One cause of the change in young women’s behavior was World War I which ended in November 1918. A lot of young men did not return home from the war, which left many women alone in their home.
Also, the horror of the war, and the Spanish flu epidemic which struck in 1918, inspired in young people a feeling that life is short and could end at any moment.
Therefore, young women wanted to spend their youth enjoying their life and freedom rather than just staying home and waiting for a man to marry them.
Political changes were another cause of the flapper culture. World War I reduced the grip of the class system on both sides of the Atlantic, encouraging different classes to mingle and share their sense of freedom. Women finally won the right to vote in the United States on August 26, 1920.
Women wanted to be men’s social equals. They wanted to be treated as a man and go smoking and drinking. Also, many women had more working opportunity and even taken the male jobs, who became doctor, lawyer, engineer and pilots. The rise of consumerism promoted the ideals of “fulfilment and freedom” that encouraged women to have their own thoughts on garments, career, social activities.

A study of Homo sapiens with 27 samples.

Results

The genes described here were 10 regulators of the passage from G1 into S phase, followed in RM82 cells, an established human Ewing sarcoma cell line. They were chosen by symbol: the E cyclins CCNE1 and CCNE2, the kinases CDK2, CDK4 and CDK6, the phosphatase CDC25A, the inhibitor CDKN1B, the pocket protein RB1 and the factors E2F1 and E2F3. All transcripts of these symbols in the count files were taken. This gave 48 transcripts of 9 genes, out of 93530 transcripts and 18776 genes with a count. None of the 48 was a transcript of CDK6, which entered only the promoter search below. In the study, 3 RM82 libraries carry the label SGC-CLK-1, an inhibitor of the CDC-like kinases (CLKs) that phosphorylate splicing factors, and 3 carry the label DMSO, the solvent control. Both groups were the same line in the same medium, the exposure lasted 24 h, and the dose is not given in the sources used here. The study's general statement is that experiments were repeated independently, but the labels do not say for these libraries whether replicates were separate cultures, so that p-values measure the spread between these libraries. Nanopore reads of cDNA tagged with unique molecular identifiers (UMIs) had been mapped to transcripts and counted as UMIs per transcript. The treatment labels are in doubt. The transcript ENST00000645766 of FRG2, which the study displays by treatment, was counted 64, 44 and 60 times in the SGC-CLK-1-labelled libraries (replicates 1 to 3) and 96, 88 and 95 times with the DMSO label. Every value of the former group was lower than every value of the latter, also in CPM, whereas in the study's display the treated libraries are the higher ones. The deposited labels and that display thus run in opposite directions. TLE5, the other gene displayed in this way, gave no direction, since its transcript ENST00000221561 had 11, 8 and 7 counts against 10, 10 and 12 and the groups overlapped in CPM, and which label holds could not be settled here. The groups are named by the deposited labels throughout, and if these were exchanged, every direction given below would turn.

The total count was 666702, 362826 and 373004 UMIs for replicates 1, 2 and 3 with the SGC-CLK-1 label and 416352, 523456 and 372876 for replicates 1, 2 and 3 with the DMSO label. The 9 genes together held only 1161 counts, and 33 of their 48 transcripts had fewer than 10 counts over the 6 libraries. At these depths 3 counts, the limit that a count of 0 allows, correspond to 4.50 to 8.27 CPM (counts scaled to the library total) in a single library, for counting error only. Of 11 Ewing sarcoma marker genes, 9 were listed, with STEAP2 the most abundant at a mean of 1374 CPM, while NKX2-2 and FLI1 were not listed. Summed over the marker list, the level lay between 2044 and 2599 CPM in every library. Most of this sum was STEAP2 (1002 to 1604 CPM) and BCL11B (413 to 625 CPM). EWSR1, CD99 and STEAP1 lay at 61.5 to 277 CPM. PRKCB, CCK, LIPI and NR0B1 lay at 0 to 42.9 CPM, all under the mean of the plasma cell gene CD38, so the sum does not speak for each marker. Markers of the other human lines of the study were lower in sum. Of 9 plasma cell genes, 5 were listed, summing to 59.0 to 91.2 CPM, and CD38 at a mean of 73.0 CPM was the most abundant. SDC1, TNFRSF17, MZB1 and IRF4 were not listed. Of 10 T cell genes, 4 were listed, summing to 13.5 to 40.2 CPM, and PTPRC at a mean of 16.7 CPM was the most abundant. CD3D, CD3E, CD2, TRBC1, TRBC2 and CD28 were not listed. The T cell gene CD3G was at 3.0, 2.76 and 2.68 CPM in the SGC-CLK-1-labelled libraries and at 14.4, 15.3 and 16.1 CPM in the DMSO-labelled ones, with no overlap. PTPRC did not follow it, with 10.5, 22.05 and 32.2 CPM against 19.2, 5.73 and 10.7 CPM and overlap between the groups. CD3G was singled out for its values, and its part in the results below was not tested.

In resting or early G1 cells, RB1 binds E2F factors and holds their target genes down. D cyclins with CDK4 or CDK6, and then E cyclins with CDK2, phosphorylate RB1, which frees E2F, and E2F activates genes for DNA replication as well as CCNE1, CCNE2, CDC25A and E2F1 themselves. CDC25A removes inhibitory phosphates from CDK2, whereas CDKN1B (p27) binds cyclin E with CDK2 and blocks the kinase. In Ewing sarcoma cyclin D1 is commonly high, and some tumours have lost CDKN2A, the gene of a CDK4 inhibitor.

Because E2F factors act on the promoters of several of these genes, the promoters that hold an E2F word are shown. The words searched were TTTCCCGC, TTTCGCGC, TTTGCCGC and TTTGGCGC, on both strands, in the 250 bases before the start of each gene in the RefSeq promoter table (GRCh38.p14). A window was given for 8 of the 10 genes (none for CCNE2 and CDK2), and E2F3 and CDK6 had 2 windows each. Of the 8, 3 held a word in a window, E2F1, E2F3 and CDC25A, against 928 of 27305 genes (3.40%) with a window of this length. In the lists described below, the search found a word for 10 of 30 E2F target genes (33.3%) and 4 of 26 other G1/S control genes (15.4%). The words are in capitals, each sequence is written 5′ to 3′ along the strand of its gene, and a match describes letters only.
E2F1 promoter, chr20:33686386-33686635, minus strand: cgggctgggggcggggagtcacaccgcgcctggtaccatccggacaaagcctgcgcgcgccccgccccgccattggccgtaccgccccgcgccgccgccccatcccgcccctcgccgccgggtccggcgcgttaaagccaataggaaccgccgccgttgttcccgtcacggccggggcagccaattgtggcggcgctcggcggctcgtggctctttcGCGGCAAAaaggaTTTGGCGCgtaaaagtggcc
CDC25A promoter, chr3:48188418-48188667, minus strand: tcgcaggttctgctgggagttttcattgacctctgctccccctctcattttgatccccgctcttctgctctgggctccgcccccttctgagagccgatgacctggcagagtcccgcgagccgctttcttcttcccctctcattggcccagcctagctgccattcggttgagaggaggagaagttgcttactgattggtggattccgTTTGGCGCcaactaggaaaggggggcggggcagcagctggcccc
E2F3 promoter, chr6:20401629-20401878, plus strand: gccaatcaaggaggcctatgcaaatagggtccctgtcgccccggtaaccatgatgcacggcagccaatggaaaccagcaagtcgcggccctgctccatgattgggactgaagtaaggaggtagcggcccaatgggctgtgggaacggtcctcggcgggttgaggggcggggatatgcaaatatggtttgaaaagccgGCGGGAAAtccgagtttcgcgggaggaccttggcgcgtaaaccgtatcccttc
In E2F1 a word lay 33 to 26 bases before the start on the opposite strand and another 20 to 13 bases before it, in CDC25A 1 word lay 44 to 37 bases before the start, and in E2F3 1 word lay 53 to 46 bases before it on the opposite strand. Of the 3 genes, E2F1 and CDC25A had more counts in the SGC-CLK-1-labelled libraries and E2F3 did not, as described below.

Society changed quickly after World War I. For example, customs, technology, and manufacturing all moved quickly into the 20th century after the interruption of the war. The rise of the automobile was an important factor in flapper culture, as cars meant a woman could come and go as she pleased, travel to speakeasies and other entertainment venues, and use the large vehicles of the day for their popular activity, petting parties.
Also, the economic boom allowed more people the time and money to golf, play tennis and take vacations, which required clothing adapted to their strenuous activities; the flapper’s slender silhouette was very suitable for movement. In this way, societal changes helped to advance the flapper culture.